The good news for investors: w/out competition, Binance holds all of the power. Issuing companies are at the mercy of the Exchanges' advice. But this will change when competition increases. Plus, people are greedy. Someone will kill the goose (read --> https://www.ar.ca/blog/crypto-market-recap-04-01-19 …)
4) Syndicate desks are in charge of allocating the security. They talk to investors before a deal prices, and try to gauge preliminary interest. They typically have half or more of the new issue spoken for before they even announce it publicly to reduce the risk of failure.
Clearly, in the case of Ocean Protocol, their first underwriter (CoinList) and second underwriter (Bittrex) didn't have a good pulse on market conditions OR hadn't earned investor trust like Binance has (thus far). This is why it was a disaster https://blog.oceanprotocol.com/what-happened-with-the-ieo-54cc5c6c3db9 …
$LEO on the other hand soft-raised all of the money quietly before even announcing the deal to the public, to ensure that it was a success. And you know they have market makers and investors ready to buy every token if it dips below $1.00 to ensure that this never trades down.
For investors, a new issue is like a call option - never exercise early. So you are incentivized to wait til the last minute to put your allocation in to gather as much information as possible about how the deal is going and who else is investing. Big investors get away w/ this.
BUT, since all new issues (debt, equity, tokens) are about hype - this won't shock you. Underwriters lie all the time! They tell you every deal is oversubscribed whether it is or isn't, in order to entice investors to allocate capital to the deal. They create sense of urgency.
The syndicate desk may offer better terms to early investors, or will guarantee allocations to future deals, or will flat out lie that it is already oversubscribed just to create that sense of urgency. That's why you get 1000 updates throughout the process. They create FOMO.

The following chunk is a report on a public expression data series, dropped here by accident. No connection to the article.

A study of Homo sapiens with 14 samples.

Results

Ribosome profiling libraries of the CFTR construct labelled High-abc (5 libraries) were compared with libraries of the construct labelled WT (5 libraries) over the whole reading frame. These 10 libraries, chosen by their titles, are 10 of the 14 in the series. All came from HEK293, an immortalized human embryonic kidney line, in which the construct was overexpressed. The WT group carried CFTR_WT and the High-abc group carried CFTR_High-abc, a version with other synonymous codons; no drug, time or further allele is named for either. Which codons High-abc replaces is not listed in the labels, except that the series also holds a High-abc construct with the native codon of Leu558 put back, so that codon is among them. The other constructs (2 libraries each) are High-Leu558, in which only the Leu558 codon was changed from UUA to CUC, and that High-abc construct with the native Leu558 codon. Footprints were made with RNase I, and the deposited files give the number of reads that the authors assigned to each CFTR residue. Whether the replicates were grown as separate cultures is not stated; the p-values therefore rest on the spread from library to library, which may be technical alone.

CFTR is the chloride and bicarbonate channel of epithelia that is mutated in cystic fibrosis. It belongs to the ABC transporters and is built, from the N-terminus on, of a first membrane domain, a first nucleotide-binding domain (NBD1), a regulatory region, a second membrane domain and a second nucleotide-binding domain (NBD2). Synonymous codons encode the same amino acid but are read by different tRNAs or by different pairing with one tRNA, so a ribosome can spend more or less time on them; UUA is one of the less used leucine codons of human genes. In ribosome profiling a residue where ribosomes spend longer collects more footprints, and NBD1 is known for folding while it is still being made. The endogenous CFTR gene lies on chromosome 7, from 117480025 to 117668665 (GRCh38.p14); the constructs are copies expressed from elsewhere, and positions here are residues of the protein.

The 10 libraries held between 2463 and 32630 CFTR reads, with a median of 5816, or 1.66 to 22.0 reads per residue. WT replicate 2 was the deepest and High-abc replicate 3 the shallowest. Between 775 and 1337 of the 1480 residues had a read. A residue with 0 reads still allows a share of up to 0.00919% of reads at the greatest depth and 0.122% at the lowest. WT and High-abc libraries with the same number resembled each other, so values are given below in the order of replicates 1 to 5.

If a deal is going well, you may request more than you want because you'll get scaled back. If the deal is going poorly, you may put in for less or not at all. But only the syndicate/underwriter really knows the true demand. It's guesswork for everyone else.
This hasn't been really necessary yet with Binance IEOs b/c demand has been off the charts and investors are capped, but it's coming. It may have happened with $LEO(fake high demand created real demand). Syndicate desks are trained liars to instill that sense of urgency.
It's true gamesmanship to get a lot of people to commit to something all at once... easier said than done. But once the demand is truly there, the deal can be priced and will start trading.
5) Once the deal prices & starts trading, the market makers take over. In debt/equity deals, the market makers work for the underwriter, and as such, are focused on appeasing investors by ensuring that the deal doesn't trade down.
Typically, the underwriter builds a short into the offering (they sell more than the issued amount) so they become natural buyers on the break. They will lose money covering their short at higher prices than where it priced, but that comes out of the inv bank's underwriter fees.
With tokens, the market makers are "independent" - so they have to be incentivized other ways. They are given tokens, and are thus incentivized to push prices higher to help themselves. The issuer (& maybe the exchange itself) provides them with capital to cover any losses.
The syndicate desk must warn the market makers about the investors who bought. How many will want to buy more, how many will "flip" it immediately for a quick profit? The success of a new deal will largely be determined by how well the syndicate desk prepares the market makers.
But again, this "defending of the price" only happens for so long. Ultimately, market forces take over, and it won't matter how much effort is put into the pricing and the bidding after the break -- ultimately if there are no "long term buyers", it is doomed to fail. #hotpotato
In debt/equity deals, the underwriter isn't the only market maker - all competitors will trade it as well. This hasn't happened yet with tokens, but Binance can't underwrite AND dominate trading forever -- other exchanges will want these trading fees too.
Not only will this increase liquidity, but it means investors who want to flip won't have to flip it back to the underwriter. Binance knows if you buy through them and sell immediately -- and you won't get an allocation on their better deals if they know you are going to sell.
So it’s not just IEO vs IPO or ICO vs IPO etc., All in all -- these IEO tactics are not new, just slightly different. But those that are buying these new deals without understanding the mechanics are at risk. Hopefully this helps to shed some light on the capital markets process.